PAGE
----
Present-day New Jersey was previously inhabited by the Lenni Lenape people, who were displaced in the 1700s during colonization. The state is now home to 8.9 million people and spans over 7 thousand square miles. New Jersey is famous for its Jersey Shore — 130 miles of famously beautiful coastline — that attracts about 50 million tourists.
Coastal flooding poses an immediate threat to the lives and homes of many residents, as well as to the state’s economy. New Jersey has the fourth-largest population at risk of coastal flooding with 352 thousand people currently at risk of coastal flooding. That number is expected to more than double by 2050. Warmer water causes oceans to expand and sea levels to rise. It also causes more intense and frequent storms, like hurricanes. With flooding comes erosion causing the land to sink into the sea. A 100 year flood in Atlantic City is expected to be 20x more likely in 2050 than it is today. At this flood level, $75 billion worth of property and 750 hazardous waste sites in the state are at risk.
As wetlands and tidal marshes are lost to sea level rise, New Jersey will face the collapse of its coastal ecosystems as populations of crustaceans, fish, and birds face declines. Some of these creatures depend on the marshes for food, shelter, and protection from prey, while still others feed on the species that inhabit them. Additionally, rising sea levels will bring salt water farther inland ultimately intruding into the ground water. The soil may become too salty for the trees and crops that currently grow in low-lying areas.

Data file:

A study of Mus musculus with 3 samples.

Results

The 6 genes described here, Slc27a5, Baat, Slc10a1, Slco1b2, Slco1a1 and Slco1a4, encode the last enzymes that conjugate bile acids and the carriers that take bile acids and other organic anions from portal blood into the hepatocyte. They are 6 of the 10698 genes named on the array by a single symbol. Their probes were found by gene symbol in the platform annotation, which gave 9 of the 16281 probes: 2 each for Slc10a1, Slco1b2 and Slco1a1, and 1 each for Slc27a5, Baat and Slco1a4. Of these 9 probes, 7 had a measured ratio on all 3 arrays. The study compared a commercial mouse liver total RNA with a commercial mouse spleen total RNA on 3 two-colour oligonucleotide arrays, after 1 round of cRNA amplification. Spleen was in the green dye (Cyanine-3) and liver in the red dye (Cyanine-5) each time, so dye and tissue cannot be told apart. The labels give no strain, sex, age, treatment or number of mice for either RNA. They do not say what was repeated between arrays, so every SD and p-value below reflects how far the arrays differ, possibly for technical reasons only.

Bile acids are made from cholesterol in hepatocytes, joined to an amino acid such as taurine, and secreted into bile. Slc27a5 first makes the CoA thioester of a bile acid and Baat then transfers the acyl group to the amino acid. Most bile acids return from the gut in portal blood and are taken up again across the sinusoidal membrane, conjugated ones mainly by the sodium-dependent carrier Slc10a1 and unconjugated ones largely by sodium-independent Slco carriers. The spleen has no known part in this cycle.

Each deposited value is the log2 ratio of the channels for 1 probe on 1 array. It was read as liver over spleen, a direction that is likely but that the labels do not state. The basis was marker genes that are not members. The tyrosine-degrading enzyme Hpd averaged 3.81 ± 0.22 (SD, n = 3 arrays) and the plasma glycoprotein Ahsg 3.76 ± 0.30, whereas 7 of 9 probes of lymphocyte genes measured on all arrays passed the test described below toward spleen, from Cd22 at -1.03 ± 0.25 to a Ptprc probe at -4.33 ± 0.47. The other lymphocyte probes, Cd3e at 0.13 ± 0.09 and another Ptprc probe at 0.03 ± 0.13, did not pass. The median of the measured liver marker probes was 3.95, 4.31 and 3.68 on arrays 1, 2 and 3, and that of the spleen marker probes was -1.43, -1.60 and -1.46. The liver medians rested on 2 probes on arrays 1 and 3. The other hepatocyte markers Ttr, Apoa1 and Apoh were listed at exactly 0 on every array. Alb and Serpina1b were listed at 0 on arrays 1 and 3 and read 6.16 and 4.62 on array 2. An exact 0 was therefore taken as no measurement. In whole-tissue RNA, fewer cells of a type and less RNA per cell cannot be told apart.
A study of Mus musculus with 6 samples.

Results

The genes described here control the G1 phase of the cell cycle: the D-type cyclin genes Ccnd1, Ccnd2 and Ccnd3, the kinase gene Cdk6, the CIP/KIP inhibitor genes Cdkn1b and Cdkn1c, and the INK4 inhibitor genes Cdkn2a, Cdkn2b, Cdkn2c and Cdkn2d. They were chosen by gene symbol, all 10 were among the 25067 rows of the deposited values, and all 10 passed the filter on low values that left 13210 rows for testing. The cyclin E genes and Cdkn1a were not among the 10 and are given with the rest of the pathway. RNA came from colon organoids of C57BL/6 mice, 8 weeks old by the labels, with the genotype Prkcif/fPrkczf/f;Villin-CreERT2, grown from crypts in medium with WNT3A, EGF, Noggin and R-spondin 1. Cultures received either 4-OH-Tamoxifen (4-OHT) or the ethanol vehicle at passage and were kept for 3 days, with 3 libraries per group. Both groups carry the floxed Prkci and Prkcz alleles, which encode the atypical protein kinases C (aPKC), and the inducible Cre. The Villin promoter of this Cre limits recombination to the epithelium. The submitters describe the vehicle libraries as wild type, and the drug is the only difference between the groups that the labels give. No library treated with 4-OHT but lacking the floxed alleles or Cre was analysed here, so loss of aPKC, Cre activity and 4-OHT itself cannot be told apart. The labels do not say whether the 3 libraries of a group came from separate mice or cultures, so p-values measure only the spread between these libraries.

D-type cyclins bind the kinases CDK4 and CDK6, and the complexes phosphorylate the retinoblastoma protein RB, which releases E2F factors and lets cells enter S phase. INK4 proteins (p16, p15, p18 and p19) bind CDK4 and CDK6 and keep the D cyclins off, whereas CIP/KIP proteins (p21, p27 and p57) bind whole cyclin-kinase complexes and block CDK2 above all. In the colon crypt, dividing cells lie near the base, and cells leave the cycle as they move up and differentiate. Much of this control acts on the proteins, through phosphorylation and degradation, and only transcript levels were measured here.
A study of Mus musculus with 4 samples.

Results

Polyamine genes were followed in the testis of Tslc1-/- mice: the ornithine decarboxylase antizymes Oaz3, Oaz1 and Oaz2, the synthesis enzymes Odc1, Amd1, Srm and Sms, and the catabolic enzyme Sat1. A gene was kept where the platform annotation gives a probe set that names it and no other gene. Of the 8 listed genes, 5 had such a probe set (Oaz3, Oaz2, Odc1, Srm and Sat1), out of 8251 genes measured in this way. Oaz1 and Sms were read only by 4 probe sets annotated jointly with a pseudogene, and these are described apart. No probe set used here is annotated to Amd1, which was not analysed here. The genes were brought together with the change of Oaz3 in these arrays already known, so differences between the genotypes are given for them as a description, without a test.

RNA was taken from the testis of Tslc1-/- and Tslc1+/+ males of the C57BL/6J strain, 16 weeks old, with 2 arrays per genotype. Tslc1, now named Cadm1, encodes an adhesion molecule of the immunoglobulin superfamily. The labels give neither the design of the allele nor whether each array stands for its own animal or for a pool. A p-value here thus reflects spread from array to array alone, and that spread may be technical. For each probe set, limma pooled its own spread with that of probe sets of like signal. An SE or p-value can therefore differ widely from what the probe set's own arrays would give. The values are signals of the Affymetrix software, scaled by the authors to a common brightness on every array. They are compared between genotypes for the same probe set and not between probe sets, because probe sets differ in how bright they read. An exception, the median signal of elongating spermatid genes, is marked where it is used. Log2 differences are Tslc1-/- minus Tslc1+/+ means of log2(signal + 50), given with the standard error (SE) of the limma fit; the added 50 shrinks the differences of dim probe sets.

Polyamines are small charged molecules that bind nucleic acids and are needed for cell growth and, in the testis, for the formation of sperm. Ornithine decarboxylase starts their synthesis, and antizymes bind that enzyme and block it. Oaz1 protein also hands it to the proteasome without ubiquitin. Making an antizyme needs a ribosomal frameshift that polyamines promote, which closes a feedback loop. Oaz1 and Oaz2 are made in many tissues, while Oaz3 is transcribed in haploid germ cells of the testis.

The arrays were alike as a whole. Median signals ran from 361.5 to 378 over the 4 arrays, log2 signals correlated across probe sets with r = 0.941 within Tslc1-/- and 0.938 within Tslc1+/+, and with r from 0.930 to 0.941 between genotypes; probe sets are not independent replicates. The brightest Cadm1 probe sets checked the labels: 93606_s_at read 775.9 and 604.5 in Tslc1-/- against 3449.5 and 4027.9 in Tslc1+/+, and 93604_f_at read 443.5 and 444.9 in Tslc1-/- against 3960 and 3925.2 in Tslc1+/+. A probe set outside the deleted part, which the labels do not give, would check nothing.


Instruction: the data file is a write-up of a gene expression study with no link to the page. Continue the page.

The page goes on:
Almost all electricity in New Jersey comes from natural gas or nuclear power. In 2018, these resources provided 94% of the state’s net electricity generation. Natural gas surpassed nuclear power for the first time in 2015, and now accounts for slightly more than half of the state’s generated electricity. The share of New Jersey’s electricity generated by coal has dropped from 10% in 2010 to 2% in 2018. Renewable energy accounts for about 5% of New Jersey’s electricity, and about 75% of that renewable energy comes from solar.
New Jersey’s renewable portfolio standard was updated in 2018, requiring renewables to account for 21% of the state’s electricity by 2021, 35% by 2025, and 50% by 2050. In 2019, New Jersey Governor Phil Murphy established a state-wide Climate and Flood Resilience Program and appointed a Chief Resilience Officer. Governor Murphy also established the Interagency Council on Climate Resilience, which is comprised of 16 agencies tasked with developing short-term and long-term action plans to promote the mitigation of climate change’s consequences and adaptation and resilience of New Jersey to climate-related challenges. New Jersey is the only state in the US to require climate change to be part of its K-12 education curriculum.
New Jersey is one of twenty five states committed to the U.S. Climate Alliance, which is working to implement policies that advance the goals of the Paris Agreement.